Wild Fan From Down Under
Passionate supporters of the Wild can be found throughout Minnesota. The team’s fan base goes from the Northwoods through the Iron Range, down the Mighty Mississippi to the southern plains. But the passion for the club goes beyond the borders of the State of Hockey.
Australia isn’t particularly known as a hotbed of hockey. In fact, Minnesotans might know it best for being a place that’s, well, hot. However, for one Wild fan down under, Australia is home.
Joel Willis, a native of Sydney, Australia, fell in love with the sport the first time that he watched the game on television with his father, Adam.
“My dad has always liked the Detroit Red Wings,” Willis said. “He didn’t follow it too closely, but whenever he’d catch a game anywhere, then I’d see it, and I just fell in love with the sport.”
Eventually, his love of the sport would lead him to the state where hockey is its most beloved game. In 2007-08, he began to follow the Wild and decided that would be his team.
“It sounds weird being in Australia and everything, but I saw a lot of potential in the team, I really did,” Willis said. “I took a big liking to Mikko Koivu. Started following him and started thinking, yeah, this is the team I’d go for.”
While Minnesotans might’ve dreamed of visiting Australia during the cold winter months, Willis imagined coming to the Land of 10,000 Lakes to watch the Wild play at Xcel Energy Center. That dream became a reality on Tuesday on Tuesday as the Wild hosted the Boston Bruins. Willis made the more than 9,400-mile trek to Minnesota with the sole purpose to watch the game. His timing was impeccable, as the Wild clinched the seventh-seed in the Western Conference with a third-period comeback and shootout win, 4-3. He also was in the stands yesterday as Minnesota beat the St. Louis Blues, 4-2.
Willis began plotting the trip a couple of months back. Through Facebook, his mother, Linda, reached out to a childhood friend David Ruppert, who now lives in Eagan. Joel and David had never met, but he picked him up and opened up his home.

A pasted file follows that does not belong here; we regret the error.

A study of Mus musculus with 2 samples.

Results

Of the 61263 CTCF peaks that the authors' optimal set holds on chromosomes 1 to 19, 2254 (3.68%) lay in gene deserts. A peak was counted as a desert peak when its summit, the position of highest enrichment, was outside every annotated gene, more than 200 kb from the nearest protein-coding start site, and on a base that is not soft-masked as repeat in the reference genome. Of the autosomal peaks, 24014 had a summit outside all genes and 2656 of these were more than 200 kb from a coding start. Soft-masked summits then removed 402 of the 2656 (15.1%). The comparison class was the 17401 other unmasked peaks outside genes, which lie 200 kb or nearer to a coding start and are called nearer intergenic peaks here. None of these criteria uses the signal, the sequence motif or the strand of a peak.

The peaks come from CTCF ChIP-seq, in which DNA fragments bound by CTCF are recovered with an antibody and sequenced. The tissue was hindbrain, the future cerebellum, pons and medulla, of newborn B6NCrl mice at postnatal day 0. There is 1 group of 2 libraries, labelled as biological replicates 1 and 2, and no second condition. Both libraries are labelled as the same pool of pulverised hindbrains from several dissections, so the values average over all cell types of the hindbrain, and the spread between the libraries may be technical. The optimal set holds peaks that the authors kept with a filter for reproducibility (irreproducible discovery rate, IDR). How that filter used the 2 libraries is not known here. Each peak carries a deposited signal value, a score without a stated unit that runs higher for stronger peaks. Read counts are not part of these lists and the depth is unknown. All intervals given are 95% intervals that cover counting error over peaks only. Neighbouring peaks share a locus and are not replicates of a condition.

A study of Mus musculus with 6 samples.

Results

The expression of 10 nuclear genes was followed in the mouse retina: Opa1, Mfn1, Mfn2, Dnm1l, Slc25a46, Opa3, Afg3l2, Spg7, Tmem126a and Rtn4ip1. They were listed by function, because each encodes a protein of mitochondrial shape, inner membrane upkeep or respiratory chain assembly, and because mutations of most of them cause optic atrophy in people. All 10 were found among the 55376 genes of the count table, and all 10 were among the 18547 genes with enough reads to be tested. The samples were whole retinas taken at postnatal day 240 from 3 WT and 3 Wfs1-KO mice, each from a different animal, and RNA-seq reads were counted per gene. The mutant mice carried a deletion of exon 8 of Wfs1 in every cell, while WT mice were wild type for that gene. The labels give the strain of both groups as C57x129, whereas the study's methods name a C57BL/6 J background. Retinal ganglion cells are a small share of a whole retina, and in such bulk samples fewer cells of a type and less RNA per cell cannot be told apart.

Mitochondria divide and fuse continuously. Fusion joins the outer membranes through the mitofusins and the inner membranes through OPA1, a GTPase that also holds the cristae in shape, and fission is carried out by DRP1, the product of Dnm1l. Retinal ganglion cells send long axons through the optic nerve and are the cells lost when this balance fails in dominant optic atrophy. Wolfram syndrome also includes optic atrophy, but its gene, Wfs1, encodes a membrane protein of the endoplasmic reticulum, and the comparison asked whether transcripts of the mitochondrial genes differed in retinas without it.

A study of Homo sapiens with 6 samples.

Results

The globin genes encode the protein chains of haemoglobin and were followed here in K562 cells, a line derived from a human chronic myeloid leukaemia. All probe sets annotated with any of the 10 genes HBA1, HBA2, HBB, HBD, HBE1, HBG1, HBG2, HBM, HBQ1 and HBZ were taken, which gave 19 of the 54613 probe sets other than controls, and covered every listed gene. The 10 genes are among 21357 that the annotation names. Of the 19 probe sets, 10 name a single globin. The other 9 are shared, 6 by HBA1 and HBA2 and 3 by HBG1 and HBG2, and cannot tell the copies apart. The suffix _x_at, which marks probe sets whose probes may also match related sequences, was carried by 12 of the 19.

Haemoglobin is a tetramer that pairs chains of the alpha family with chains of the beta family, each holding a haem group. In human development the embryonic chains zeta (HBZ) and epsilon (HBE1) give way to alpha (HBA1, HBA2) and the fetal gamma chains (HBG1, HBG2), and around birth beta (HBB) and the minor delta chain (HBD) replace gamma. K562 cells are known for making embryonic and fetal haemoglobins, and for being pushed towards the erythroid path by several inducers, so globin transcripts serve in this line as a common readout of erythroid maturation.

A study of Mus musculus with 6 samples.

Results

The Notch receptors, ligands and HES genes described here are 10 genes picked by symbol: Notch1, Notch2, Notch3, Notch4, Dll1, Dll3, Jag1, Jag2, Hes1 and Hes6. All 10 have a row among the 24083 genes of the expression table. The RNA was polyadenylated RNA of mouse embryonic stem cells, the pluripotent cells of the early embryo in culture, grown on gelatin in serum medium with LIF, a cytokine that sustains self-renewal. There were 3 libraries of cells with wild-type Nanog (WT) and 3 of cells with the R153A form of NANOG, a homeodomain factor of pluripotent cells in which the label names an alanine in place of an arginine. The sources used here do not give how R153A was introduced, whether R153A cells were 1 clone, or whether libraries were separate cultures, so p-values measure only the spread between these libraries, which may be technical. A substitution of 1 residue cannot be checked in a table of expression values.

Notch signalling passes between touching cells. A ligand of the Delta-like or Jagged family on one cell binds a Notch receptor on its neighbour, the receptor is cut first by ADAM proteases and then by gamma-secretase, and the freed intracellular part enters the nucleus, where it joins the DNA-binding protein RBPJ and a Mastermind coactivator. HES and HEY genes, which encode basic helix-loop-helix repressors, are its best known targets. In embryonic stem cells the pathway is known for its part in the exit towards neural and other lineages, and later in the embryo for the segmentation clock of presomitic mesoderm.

“His mom messaged me and said he’s a huge fan,” Ruppert said. They attended the Boston game through Ruppert’s work connections at Warner Electric.
“His very first game was in a corporate suite, so he’s going to get a little spoiled,” Ruppert joked.
Back home, the 18-year-old’s love of the sport is infectious. Willis gets friends into the game through NHL 14 on Xbox. He plays street hockey with his younger brother, Lachlan, who is a Bruins fans. He and his girlfriend, Dana, go inline skating and watch games together when they can.
“She was a little disappointed she couldn’t make the trip,” Willis said. Dana is a hockey fan who roots for the Toronto Maple Leafs. “But she was excited and happy for me.”
The Aussie watches games online, but the 17-hour time change can make it difficult.
“Usually it’s in the middle of the day for me, so if I’m at work, I miss the game,” Willis said. “So I try to catch up on the scores whenever I can.”
While its still not that popular amongst the locals, the game is growing thanks in part to the Australian Ice Hockey League (AIHL). However, finding ice is still a problem for anyone trying to learn the sport.
“The closest rink is either two hours north or three hours south,” Willis said. “I can’t just be like ‘Come skating with me’ to friends.”
Despite the hurdles in following the Wild from afar, he felt compelled to see the game live and in person; though, his experience with winter and the sport wasn’t limited to the ice on the rink while in Minnesota. Not only did the Sidney native catch his first game, he also experienced his first snowfall. He flew in during the April 3rd snowstorm and the plane had to circle the runway before landing. He even made, or attempted to make, a snowman.
“It didn’t work,” Willis laughed. “Probably the ugliest snowman you’ve ever seen.”
Even if his snowman wasn’t memorable, his first trip to Minnesota created memories that will last a lifetime.
“It was absolutely incredible,” Willis said after the game against Boston. “Easily one of the best experiences of my life so far.”